Great Lakes Construction Co., a highway and heavy contractor in Hinckley, Ohio, was turned down for its first Ohio Diesel Emissions Reduction Grant (DERG) because they hadn’t formed a partnership with a public agency.
“We knew there was going to be another round in the fall of '08,” says Jim Fox, vice president, “And we figured we’d better get busy finding a public partner.”
Fox selected the City of Lakewood, Ohio – a town known for its “green” image where he knows some officials – to recruit a partner.
Their plan was to repower a pair of D8N dozers for lower emissions. Fox met with the city services director, got on the schedule for the next city council meeting, and made a simple pitch. It wasn’t hard to convince the city council to act as Great Lakes’ eligible-entity partner and submit their proposal to the state.
“They liked the idea of being on the leading edge, so it passed through the council,” Fox says. “The city lawyers crammed and we had the agreement in hand the week before it was due before the Ohio Department of Development.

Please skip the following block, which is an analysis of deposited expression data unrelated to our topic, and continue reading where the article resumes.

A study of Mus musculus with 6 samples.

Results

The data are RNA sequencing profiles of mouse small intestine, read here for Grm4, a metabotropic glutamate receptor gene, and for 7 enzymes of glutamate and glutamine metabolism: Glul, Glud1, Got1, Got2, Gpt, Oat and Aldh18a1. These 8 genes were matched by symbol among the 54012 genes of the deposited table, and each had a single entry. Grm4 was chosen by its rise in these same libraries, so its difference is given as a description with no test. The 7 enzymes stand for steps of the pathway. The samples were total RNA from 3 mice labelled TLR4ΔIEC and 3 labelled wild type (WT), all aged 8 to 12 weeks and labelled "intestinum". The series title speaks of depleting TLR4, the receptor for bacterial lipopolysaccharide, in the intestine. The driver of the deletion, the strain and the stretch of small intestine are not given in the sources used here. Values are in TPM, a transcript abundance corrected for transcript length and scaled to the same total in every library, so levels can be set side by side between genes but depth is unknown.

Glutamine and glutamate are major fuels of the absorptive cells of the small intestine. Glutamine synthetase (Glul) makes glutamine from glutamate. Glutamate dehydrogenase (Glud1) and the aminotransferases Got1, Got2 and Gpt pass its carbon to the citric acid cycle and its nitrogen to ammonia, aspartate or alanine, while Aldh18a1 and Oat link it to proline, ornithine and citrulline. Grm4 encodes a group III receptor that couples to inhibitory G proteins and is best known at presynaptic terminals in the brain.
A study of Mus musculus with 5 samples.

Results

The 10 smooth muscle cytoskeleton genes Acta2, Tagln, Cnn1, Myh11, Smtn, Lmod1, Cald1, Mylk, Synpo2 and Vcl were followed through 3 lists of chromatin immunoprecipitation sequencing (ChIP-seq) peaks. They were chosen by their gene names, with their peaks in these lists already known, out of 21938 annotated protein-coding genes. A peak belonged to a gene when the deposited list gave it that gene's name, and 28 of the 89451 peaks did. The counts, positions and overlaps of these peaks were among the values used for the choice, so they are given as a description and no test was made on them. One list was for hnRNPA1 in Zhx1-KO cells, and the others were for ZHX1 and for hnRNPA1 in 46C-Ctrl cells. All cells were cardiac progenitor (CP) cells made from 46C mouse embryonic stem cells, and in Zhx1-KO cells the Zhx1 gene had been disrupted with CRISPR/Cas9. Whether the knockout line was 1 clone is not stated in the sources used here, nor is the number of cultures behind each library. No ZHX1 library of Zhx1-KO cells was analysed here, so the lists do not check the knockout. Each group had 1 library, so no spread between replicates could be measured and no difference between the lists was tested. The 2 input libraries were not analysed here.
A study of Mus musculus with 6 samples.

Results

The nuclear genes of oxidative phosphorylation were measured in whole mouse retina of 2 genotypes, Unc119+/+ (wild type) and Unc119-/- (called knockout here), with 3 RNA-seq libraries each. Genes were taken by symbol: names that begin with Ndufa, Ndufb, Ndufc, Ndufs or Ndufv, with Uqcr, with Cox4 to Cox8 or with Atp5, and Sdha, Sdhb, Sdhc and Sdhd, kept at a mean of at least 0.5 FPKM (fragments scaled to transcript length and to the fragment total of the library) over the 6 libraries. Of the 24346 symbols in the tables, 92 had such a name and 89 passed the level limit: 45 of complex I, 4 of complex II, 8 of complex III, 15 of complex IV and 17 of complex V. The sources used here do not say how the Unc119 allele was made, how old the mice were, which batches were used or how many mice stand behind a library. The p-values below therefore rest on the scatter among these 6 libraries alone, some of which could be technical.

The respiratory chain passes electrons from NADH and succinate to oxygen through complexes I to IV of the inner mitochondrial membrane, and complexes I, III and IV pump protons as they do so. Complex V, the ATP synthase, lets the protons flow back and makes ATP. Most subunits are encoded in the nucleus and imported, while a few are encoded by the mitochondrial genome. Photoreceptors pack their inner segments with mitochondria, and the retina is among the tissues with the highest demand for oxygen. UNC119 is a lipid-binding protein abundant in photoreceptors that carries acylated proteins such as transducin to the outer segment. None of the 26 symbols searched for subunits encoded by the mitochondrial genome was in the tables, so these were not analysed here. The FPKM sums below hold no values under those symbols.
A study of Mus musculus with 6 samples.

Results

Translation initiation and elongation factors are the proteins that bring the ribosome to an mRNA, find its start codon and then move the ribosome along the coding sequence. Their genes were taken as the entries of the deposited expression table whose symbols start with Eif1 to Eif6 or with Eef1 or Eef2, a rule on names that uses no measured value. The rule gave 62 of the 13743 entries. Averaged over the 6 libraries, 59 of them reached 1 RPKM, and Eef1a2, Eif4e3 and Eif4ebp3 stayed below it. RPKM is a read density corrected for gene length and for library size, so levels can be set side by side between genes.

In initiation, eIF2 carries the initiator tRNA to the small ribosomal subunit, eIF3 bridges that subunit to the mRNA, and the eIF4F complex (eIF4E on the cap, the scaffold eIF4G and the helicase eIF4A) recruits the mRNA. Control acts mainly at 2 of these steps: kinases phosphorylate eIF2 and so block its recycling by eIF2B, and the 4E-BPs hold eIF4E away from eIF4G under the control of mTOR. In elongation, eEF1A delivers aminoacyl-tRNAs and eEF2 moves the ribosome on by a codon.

“Ohio Cat really made us aware of it (grant possibilities) first,” Fox says. “And then we went to an AEMP (Association of Equipment Management Professionals) conference two years ago and my equipment superintendent, Matt Hurd, and I went down got an education about CARB diesel emissions regulations, and that, ‘Hey, it’s coming to a state near you.’ We figure we’d better start paying attention.
“Ohio Cat helped us identify what pieces of equipment might make the most sense in a grant proposal,” Fox says. “The one thing that we really noticed was that we wanted to go after stuff that was high horsepower and high utilization – those are the two keys, to get the most bang for your buck.
The D8s get about 1,100 hours a year, and Caterpillar packages and prices a repower kit that makes the repair a simple addition to a grant proposal.
Great Lakes’ two D8Ns had been rebuilt about 10 years ago and were coming due for rebuild. With the DERG money, they would be able to upgrade to a new, more fuel efficient Tier 3 engine for not much more than that rebuild.
“The Tier 3 got more of a bang for the taxpayer’s buck, and what you're really trying to do is reduce the most emissions – it's always cost per reduction of NOx and cost per reduction of particulate matter,” Fox says. “It was more cost effective to go to Tier 3 than to go to Tier 1 or Tier 2.
“And we said, ‘Heck, they've already got Tier 4. Let's not get left behind here.”
Great Lakes was awarded DERG funding of $190,000 on its $242,000 repowers. The grant paid $60.73 per kilogram for the PM that the engines would eliminated over the projected 10-year life of the two engines. Cost per kilogram of NOx was $3.39.